Ampleforth, Gilling East & Yearsley Moor

The Coxwold-Gilling Gap, the fertile, low lying strip of land between the two villages, some 6 miles long and, at its narrowest, two miles wide, is the focus of this walk.


It separates the Howardian Hills and the North York Moors and is the result of a geological fault and later glaciation. We cross the gap twice and explore the densely wooded slopes to the south.


Distance:  9 and a half miles

Time:  5 hours

Grade of walk:  moderate

Conditions:  well marked field paths and forest tracks

Refreshments:  Ampleforth, Gilling East and Ampleforth Abbey tearoom

OS Explorer Map 300

Originally published: 10 September 2010


The centre of the gap is Ampleforth and it's from the parish church that we start this 9 and a half mile walk. Go down Mill Lane and, just beyond St. Hilda's Walk, take a signed footpath on the right which cuts a corner and returns to the lane by way of Fairfax Close.


Turn right and continue for another 400 yards to Watergate Farm. Here go left on a path which heads across fields to the drive leading to Thorpe Grange.


Go left for a few yards before leaving the drive by bearing right down the side of the farm buildings. "Footpath through the gate and turn right" is helpfully scrawled on the top bar of a gate at the end of the first field so, keeping a hedge on your right, head via one more stile towards the former Ampleforth Station, still sporting its curly canopy. For the record the Great North of England branch line, between Pilmoor and Helmsley, opened in 1871 and closed in the 1960s.


Turn left and follow Thorpe Lane for 200 yards. Go right on a metalled track which heads westwards through the gap to Coxwold. In about 300 yards turn left up to Low Lions Lodge.


Leaving the house to the right continue ahead past a large barn and then up across three fields close to a line of power poles. From these slopes of the Howardian Hills there are fine views back across the gap to Byland Abbey and the Kilburn White Horse. At the top, its gateposts surmounted by the king of beasts, is High Lions Lodge.


Our way is in front of the house, over two stiles and then between two barns. The path then crosses a field and over the eroded remains of a Bronze Age barrow to reach the quiet, tree shaded road from Yearsley to Oulston.


Turn left for half a mile to a junction. Go straight ahead into the woods which cover Yearsley Moor on a path signed to Ampleforth. Woods can be perplexing to navigate but recent signage in the Howardian Hills Area of Outstanding Natural Beauty has made the task easier. I've pinpointed their direction arrows on the map. There are 3 in the first third of a mile before a hard surfaced track is reached at a junction.


Turn right, (signed Ampleforth), and continue past a shuttered house. 200 paces beyond a nearby barrier our route leaves the track left on a red arrowed path which then bears right and crosses between the two Higher Fish Ponds of Park Wood. A few yards beyond the dam brings us to another forest track where turn left.


The walk is now easy going past the extensive Lower Fish Pond to a barrier at the lane running along the base of the hills. If you wish to shorten the walk here by some 4 miles then turn left and take the path signed to Ampleforth after about 150 yards.


The main walk continues ahead for 1 and a half miles via Park House to Gilling East. Ampleforth Abbey and College are visible across the fields for most of the way, dominating the landscape just as Byland Abbey a few miles to the west must have appeared to the medieval wayfarer. Ampleforth, however, is a more recent foundation. It was settled in 1802 by a group of Benedictine monks who could trace their community back to the pre-Reformation Westminster Abbey. Free leaflets at the abbey's reception explain its history and architecture.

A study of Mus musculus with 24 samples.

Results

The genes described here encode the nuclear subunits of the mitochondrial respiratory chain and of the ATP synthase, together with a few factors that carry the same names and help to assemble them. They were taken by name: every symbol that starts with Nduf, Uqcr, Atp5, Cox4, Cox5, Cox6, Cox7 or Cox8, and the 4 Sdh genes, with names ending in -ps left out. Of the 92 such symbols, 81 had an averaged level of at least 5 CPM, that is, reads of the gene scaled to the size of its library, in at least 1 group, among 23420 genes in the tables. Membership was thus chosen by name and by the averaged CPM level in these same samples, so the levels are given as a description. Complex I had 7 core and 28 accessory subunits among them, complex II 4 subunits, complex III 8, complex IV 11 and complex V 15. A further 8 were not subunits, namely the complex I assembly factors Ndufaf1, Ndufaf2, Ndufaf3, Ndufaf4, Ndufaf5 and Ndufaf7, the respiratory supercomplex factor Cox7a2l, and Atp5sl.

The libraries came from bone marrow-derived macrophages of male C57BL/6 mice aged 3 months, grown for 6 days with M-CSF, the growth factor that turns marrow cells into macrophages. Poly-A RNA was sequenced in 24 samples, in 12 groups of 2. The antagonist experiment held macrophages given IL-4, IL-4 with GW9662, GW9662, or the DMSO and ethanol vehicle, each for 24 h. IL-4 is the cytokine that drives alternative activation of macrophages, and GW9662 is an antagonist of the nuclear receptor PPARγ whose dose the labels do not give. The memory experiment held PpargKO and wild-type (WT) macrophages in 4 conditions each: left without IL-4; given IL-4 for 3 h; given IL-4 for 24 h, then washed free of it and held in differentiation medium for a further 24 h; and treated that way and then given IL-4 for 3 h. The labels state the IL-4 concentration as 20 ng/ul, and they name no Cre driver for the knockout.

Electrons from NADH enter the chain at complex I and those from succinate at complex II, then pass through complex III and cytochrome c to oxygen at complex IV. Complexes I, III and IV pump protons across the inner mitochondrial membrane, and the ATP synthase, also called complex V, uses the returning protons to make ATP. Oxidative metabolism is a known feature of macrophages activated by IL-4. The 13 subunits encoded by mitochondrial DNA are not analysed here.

The land was given to the monks by Ann Fairfax of Gilling Cstle, the last of her line. When you reach Gilling East the church, with its Fairfax memorials, is worth a visit and the name is perpetuated by the Fairfax Arms.


From the inn we return along Pottergate to the edge of the houses and take the path on the right, (on the left if you miss out the village), signed Ampleforth Abbey 2 miles. Two miniature stone level crossings of the railway of the Ryedale Society of Model Engineers are negotiated first before the well signed path continues alongside the ancient fish ponds of Gilling Cstle.


It then bears right across fields to crossings of the abandoned branch railway line and then the two becks which drain the Coxwold-Gilling Gap to the east. After the second bridge, over Holbeck, bear left along the foot of a steep hill to the right and then close to a wood on the left.


The path then enters the trees at the far end of the wood and after 100 yards of undergrowth emerges on the playing fields of the college. With a fenced multi sports court on the right the public right of way now joins a tarred track which skirts the cricket field, also on the right, before heading up to the abbey church. This is well worth visiting and is accessed along the terrace in front of it which also leads to the reception area and tearoom.


When you return along the terrace to the tarred track, you may as a purist want to follow the public right of way. This passes as a bark covered path between the two large monastic buildings on the continuation of the terrace to the left, and then climbs to the road from Oswaldkirk to Ampleforth. Turn left back to the village in about half a mile.


However most people walking between the abbey and the village use the lane bordered by street lights which branches from the tarred right of way below the terrace. Whichever route you choose please respect the privacy of the abbey and college buildings and the playing fields which are not open to the public.